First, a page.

The story of Clare’s Law
In 2009, Clare Wood was killed by George Appleton, a man with a known history of violence towards women. Clare's bereaved father Michael Brown's grim determination contributed towards a law that could have saved his daughter’s life. His aim was to help to prevent a repeat of what happened to Clare.
Since 2014, Clare’s Law gives any member of the public the right to ask the police if their partner may pose a risk to them.
Clare’s Law, or the Domestic Violence Disclosure Scheme, has two functions:
1. The Right to Ask
This enables someone to ask the police about a partner’s previous history of domestic violence or violent acts. A precedent for such a scheme exists with the Child Sex Offender Disclosure Scheme; and
2. The Right to Know
Police can proactively disclose information in prescribed circumstances.
Every request under Clare’s Law is thoroughly checked by a panel made up of police, probation services and other agencies to ensure information is only passed on where it is lawful, proportionate and necessary. Trained police officers and advisers are then on hand to support victims through the difficult and sometimes dangerous transitional period.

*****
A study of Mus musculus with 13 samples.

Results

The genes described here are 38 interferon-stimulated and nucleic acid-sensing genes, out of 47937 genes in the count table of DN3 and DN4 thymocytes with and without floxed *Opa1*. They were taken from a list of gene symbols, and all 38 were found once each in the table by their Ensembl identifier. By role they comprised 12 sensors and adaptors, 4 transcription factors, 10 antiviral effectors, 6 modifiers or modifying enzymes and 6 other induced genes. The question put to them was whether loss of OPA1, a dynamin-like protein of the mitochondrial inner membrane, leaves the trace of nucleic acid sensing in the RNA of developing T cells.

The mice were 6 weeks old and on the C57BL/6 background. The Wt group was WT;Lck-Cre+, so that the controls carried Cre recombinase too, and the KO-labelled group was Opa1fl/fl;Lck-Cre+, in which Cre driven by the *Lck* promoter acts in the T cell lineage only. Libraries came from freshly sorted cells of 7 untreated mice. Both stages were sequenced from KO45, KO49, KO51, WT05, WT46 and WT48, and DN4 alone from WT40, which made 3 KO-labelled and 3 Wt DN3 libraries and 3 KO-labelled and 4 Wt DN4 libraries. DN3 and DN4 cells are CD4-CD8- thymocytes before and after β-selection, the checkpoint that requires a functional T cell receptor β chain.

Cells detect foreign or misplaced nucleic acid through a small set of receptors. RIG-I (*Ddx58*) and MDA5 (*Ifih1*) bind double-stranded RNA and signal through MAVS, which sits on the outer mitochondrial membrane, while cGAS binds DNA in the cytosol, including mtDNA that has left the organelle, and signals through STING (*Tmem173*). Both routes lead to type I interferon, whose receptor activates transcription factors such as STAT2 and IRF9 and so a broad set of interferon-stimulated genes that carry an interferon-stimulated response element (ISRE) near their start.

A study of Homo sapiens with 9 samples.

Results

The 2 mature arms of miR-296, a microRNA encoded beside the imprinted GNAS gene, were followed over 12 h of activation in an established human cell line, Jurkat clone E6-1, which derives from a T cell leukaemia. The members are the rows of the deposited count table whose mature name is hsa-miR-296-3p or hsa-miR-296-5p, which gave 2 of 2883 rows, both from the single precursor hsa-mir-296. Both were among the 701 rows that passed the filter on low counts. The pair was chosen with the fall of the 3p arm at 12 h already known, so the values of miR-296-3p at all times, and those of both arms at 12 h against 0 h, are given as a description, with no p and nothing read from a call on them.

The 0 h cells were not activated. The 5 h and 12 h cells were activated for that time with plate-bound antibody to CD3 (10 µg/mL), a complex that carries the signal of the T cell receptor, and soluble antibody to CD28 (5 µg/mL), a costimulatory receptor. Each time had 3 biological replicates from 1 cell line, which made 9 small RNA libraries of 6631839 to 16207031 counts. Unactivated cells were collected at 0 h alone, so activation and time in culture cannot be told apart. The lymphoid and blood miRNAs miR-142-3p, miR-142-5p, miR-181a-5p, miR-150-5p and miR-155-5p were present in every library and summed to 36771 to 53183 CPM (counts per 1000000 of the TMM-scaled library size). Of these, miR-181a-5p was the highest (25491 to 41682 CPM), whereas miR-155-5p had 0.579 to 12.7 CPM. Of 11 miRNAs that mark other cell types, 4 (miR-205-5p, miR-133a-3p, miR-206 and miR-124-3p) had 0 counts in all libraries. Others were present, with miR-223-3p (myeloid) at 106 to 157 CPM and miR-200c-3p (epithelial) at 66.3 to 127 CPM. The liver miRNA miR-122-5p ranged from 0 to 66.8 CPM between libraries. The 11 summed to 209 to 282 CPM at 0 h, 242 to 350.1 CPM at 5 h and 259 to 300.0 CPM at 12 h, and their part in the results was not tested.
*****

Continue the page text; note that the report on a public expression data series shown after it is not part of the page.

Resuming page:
How do I make a Clare's Law request?
If you would like to make a request under Clare's Law, you can do so by completing an online form:
Alternatively, you can also visit your local police station.
After the form has been received and the police initial enquiries have been completed, you may be asked to come to a face to face meeting with a police officer. If you are asked to this meeting, you should bring two forms of ID, with at least one being photographic ID.
What happens after I make the request?
Once an application has been made, the police will carry out a range of checks along with other partner agencies. If the police find a record of abusive offences, or if they feel there is a risk of abuse or violence, the police will consider sharing this information.
If the police do decide to make a disclosure, it will always be done in person. This will normally be made to the person at risk, but in certain circumstances someone else may be in a better position to use the information to protect the person.
The aim of this information is to help people make a more informed decision on whether to continue with their relationship, as well as providing help and support when making the choice.